The Weight of Code

There was an article posted shortly about “Code I’m Still Ashamed Of”. I can offer that this is a real thing.

I never formally announced that I left my previous position, however we were a contractor for Mylan Pharmaceuticals. In case you’re not familiar with Mylan, they’re slowly becoming the example for every government organization and their behaviors in regards to their EpiPen pricing. The reason this is important is because I was on the development team for the website.

When I first joined my previous employer, I was asked if I was OK working on websites in a field as boring as Medical/Pharmaceutical. I was on unemployment and honestly never worked in the field, I was excited to see what it offered. We worked on a platform that allowed websites to be built fairly quickly, and the team I was on was great, I really did, and still do have all the respect for them.

I was asked if I wanted to go over to the EpiPen team as it was going to start being built up with quite a bit of content that Mylan was putting behind it. The applicator patent was about to expire and they REALLY needed to market it heavily to offset the loses they might face to a generic. I thought to myself…“fair enough”. I was excited to join a team of a strong brand and had corporate enthusiasm.

The next year turned into a tumultuous whirlwind of activity…leading up to the pricing scandal they’re part of now. Not knowing anything of Mylan’s internal practices…just seemed hectic and crazy (sometimes bad), management…but in the end, they deserve what they get. But, let’s talk about why I left.

The website (and associated sites,, and others), are designed to market to families heavily…with numerous CTAs (calls to action) to sign them up for marketing services…which is all fair and good. Their entire process is vetted through the FDA, an organization for review, and marketing agencies (as well as internal structure).

My Problem

My problem started when we were told we would need to complete work items, however….contracts weren’t being signed. “Budget is tight”, or the company is going “through re-org’s” and no one knows who’s approving anything. We were doing work on “good faith” that we would be made whole again…and shortly…we would be.

“We’re going to rebuild the site” I heard, time and again…”when the budget is approved”. But the time never came…we would continuously do work on “good faith”, knowing EpiPen is a BILLION DOLLAR product…it’s existing infrastructure and message doesn’t provide what the client wants, and frankly doesn’t serve the families with the messaging the client wants to pass…which could be a great benefit to them……..then came Sarah Jessica Parker.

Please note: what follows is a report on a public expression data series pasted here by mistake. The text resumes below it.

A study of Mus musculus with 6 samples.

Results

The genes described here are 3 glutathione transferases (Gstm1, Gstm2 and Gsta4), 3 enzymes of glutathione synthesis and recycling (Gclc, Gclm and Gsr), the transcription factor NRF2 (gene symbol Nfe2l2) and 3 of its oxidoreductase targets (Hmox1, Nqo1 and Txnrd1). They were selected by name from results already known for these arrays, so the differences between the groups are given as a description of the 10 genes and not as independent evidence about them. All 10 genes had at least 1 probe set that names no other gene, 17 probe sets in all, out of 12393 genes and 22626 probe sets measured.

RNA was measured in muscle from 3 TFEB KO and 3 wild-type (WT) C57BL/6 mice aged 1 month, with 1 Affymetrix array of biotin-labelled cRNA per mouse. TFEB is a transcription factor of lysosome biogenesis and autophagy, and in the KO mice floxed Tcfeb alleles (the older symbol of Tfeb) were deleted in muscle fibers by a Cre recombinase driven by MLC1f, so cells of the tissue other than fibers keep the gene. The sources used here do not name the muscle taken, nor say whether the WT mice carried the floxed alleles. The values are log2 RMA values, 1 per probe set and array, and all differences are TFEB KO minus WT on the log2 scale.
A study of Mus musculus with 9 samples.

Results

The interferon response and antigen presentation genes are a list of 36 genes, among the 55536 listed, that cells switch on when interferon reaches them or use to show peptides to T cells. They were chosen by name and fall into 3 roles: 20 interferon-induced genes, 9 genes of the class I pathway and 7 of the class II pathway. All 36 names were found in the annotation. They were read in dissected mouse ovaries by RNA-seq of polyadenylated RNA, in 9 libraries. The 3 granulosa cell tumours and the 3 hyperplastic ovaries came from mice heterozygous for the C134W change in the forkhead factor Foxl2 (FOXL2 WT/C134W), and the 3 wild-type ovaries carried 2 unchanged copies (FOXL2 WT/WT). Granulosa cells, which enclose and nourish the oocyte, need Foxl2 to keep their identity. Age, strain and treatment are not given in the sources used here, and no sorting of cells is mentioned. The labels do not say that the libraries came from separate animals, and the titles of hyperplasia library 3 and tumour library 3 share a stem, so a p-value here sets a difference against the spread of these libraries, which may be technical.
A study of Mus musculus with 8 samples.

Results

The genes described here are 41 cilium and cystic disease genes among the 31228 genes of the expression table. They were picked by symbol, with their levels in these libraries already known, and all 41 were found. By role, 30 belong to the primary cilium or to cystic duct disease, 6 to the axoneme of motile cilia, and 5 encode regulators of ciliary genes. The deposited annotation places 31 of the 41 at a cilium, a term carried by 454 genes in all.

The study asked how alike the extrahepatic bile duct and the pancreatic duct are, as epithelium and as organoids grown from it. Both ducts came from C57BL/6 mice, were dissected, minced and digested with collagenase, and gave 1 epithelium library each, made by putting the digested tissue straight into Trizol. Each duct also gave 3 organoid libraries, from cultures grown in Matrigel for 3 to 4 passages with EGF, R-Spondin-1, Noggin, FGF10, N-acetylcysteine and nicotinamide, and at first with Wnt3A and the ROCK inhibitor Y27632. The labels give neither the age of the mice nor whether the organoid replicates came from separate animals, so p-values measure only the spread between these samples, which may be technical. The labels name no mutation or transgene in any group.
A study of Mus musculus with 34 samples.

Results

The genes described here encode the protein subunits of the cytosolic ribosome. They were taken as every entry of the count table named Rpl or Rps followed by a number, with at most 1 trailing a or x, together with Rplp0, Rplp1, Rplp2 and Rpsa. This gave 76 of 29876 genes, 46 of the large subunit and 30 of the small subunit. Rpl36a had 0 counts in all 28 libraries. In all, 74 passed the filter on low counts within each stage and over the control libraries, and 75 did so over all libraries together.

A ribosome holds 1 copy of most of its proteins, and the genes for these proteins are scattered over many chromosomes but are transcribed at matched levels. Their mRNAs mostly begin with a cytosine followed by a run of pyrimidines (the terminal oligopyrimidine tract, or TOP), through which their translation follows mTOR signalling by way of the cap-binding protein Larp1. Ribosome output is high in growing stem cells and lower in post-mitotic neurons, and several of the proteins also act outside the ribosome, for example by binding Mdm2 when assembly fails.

We were put under a lot of pressure to finish the latest Anaphylaxis For Reel campaign with Sarah Jessica Parker being spokesperson. On the development side, seeing all the Manuscripts, Images, Designs, etc passed back and forth…we KNEW this wasn’t cheap. But how was money being spent on an ad campaign, but not on infrastructure? Then we lost a developer.

We didn’t back fill for the developer, instead, our team went to two developers and one QA, and we still needed to put out this campaign. Which was released, and we moved onto incorporating more features into the base website…but there were contract issues. As we reviewed assets, and prepared for build, we were told, the creative agency had burned through their budget, and weren’t able to make changes, we’d go ahead with what we had.

Then came the Senate.

Probably by now, you’ve gone and read the Mylan/EpiPen fiasco…Mylan, essentially using their market strength are manipulating the price of EpiPen’s to maximize profits. As CEO this is exactly what you’re supposed to do. However, you cannot take a life saving medication and use your monopoly in that field to extract every dime from a families pocket….

I have a family of 4 , and no one requires an EpiPen. However I have friends that do. Knowing that my job was specifically to build, and enhance the tool to market to these families is a weighty thought, moreso when you realize the profit margins.

Provided we were flush with a full contract, and paid premium for this work, with access to full marketing team and creative…I may not have had issue with profit margins, they would have been excusable given the amount of funding required…instead we were charged with building a premium product on shoestring budget…and “jerked around” for premium profits, at the abuse of the American family. So I resigned.

The point is, as a developer it would’ve been easy to dismiss my responsibility as not part of the problem…but I was. Everyday I was working to build a more robust platform in an effort to minimize any work, and gain more profit. We were being asked essentially to develop a platform that would put us out of job, where Mylan could bring all work internally by content editors, and we’d be out. All on the backs of families with children. It was just too much.